Don Fry Commentary on WYPR
It’s difficult to rejoice over the current stock market rally when the jobless rate is almost 10 percent in our nation and 11 percent in Baltimore City. But the recovery from the recession has begun, financial experts told us at a recent Greater Baltimore Committee economic outlook event.
Emerging from charts and graphs of economic indicators is a picture of a reawakening economy, they say. But don’t expect it to return anytime soon to Dow 14,000 territory – the economy we enjoyed in 2007 before it disintegrated.
Here are some key points delivered by financial forecasters Richard Cripps, of EquityCompass, and John Jacobs of NASDAQ OMX:
• Optimism in the financial community is fueled, in part, by the re-emergence of initial public offerings – many backed by venture capital – and by rising consumer confidence. But concerns remain over high joblessness rates and a housing market that hasn’t yet shaken off its sluggishness
• The recent rally has a kind of “up is down and down is up” quality to it. The most risky stocks are way up, while quality equities are the cheapest part of the market. Experts forecast a correction in early 2010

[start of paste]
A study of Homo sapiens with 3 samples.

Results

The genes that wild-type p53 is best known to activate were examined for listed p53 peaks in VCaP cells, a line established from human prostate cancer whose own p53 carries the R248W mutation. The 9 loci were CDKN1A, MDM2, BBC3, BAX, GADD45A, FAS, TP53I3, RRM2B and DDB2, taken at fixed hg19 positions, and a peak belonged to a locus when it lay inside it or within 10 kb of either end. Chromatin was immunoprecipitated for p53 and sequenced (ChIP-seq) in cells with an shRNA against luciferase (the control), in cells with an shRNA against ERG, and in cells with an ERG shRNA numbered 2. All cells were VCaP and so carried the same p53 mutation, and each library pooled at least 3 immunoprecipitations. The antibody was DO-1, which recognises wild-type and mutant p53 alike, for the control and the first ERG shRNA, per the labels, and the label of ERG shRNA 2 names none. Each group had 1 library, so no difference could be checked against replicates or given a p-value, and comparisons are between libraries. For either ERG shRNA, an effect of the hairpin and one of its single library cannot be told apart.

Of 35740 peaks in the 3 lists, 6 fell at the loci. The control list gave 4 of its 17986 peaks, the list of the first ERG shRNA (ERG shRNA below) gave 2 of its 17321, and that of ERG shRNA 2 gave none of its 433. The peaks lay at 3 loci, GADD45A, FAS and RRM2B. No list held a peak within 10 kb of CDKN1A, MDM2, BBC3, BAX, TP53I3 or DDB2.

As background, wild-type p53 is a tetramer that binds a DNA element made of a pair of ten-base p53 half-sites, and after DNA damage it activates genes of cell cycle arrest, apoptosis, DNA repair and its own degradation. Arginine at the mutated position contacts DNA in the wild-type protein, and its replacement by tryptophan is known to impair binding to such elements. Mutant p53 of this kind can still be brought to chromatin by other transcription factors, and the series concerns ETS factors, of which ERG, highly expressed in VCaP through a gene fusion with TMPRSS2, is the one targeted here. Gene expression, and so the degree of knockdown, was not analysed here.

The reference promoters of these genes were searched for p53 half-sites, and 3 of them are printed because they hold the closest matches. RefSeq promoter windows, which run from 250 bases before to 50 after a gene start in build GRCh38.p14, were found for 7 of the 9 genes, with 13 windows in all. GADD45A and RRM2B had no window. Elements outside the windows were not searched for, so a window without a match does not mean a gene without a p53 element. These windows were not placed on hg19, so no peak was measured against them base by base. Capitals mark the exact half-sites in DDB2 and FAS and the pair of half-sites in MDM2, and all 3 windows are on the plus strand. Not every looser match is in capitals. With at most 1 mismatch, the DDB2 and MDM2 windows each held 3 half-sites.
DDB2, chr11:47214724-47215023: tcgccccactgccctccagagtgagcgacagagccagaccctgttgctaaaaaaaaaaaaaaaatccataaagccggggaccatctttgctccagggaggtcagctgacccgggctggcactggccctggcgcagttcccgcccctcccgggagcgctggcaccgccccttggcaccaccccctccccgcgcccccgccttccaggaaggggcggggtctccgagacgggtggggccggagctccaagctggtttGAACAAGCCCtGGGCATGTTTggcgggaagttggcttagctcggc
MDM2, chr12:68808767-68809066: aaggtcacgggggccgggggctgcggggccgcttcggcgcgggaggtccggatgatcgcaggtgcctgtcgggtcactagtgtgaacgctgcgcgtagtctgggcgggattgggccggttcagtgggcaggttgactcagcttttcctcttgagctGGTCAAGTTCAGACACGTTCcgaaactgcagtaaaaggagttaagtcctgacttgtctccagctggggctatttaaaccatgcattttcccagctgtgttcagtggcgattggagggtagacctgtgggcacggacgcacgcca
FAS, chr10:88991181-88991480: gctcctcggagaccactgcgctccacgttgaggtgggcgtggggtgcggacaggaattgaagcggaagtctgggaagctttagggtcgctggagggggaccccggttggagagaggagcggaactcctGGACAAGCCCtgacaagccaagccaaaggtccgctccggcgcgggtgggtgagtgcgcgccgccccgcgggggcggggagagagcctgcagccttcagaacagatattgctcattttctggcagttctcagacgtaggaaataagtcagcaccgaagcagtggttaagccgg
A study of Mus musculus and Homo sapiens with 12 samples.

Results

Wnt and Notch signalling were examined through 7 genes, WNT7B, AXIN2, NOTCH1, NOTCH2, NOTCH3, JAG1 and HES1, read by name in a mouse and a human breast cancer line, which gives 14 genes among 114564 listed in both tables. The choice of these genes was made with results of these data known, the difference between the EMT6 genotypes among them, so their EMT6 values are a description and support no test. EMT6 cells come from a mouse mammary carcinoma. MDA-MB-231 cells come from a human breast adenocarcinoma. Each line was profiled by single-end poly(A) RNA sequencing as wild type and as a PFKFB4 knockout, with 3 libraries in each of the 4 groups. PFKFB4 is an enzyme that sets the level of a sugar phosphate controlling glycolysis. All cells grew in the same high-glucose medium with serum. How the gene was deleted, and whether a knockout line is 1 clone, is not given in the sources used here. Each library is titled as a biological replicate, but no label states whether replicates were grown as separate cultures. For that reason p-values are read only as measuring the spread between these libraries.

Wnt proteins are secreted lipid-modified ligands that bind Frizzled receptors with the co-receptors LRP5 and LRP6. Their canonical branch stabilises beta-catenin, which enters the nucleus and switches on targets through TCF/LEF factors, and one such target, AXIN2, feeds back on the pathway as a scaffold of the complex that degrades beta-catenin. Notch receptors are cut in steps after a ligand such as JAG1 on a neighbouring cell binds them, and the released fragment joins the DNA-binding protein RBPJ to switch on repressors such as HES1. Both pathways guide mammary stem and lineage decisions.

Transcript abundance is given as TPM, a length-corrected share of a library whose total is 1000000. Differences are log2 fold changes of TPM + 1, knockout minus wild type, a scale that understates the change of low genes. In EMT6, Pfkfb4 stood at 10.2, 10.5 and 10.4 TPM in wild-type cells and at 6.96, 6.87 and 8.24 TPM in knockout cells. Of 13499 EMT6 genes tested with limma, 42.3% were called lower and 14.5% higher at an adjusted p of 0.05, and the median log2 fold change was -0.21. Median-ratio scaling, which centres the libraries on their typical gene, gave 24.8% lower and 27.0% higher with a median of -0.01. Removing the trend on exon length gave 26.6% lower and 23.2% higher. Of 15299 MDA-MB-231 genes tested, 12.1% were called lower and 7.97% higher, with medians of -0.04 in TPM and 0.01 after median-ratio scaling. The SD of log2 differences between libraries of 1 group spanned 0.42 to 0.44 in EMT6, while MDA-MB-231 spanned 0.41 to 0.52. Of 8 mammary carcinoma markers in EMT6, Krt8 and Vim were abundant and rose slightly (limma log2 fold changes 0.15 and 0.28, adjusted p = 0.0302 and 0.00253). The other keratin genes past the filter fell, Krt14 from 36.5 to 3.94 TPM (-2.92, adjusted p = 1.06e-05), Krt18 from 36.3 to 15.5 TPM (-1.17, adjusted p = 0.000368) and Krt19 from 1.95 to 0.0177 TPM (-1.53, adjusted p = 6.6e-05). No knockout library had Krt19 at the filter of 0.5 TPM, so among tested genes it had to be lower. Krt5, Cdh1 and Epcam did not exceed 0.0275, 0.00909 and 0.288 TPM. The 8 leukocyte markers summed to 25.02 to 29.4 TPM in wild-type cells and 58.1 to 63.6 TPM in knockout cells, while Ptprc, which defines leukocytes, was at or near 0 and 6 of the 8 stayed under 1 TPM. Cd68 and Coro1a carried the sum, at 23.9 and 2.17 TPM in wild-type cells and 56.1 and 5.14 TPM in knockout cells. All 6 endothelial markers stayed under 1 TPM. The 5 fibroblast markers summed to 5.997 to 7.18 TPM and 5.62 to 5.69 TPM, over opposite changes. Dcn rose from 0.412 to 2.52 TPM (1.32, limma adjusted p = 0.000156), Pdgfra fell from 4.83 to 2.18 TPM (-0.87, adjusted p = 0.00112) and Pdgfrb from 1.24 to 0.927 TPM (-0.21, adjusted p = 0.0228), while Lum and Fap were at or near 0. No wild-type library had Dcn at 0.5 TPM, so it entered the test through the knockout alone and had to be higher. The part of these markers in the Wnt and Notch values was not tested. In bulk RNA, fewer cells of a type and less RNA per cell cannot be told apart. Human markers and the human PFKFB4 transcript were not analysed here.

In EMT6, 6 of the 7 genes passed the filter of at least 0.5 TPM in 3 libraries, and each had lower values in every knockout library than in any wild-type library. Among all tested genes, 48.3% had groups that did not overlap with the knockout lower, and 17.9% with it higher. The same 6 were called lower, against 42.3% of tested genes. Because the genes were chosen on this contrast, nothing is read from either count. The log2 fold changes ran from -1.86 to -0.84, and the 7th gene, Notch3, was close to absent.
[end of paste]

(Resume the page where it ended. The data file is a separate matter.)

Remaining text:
• Foreign investor participation in the U.S. stock market is at its lowest level since 1978 because of the weakening U.S. dollar
Meanwhile, Bracken Hendricks, of the Center for American Progress, makes the case for increased business investment in the emerging “green” economy. Substantial business opportunities exist for U.S. companies willing to apply “old-economy” capital and resources to a growing global demand for “green” equipment, products and services, he says.
U.S. businesses should seize these opportunities or others elsewhere will, Hendricks warns. All speakers at the GBC event noted one fundamental issue — key regulatory policies must be decided upon so that the private sector can get to work on building “green” business plans.
… All of this is food for thought as we chart our post-recession business future.
For the Regional Business Report, this is Don Fry, President and CEO of the Greater Baltimore Committee, for 88.1 WYPR, your NPR news station.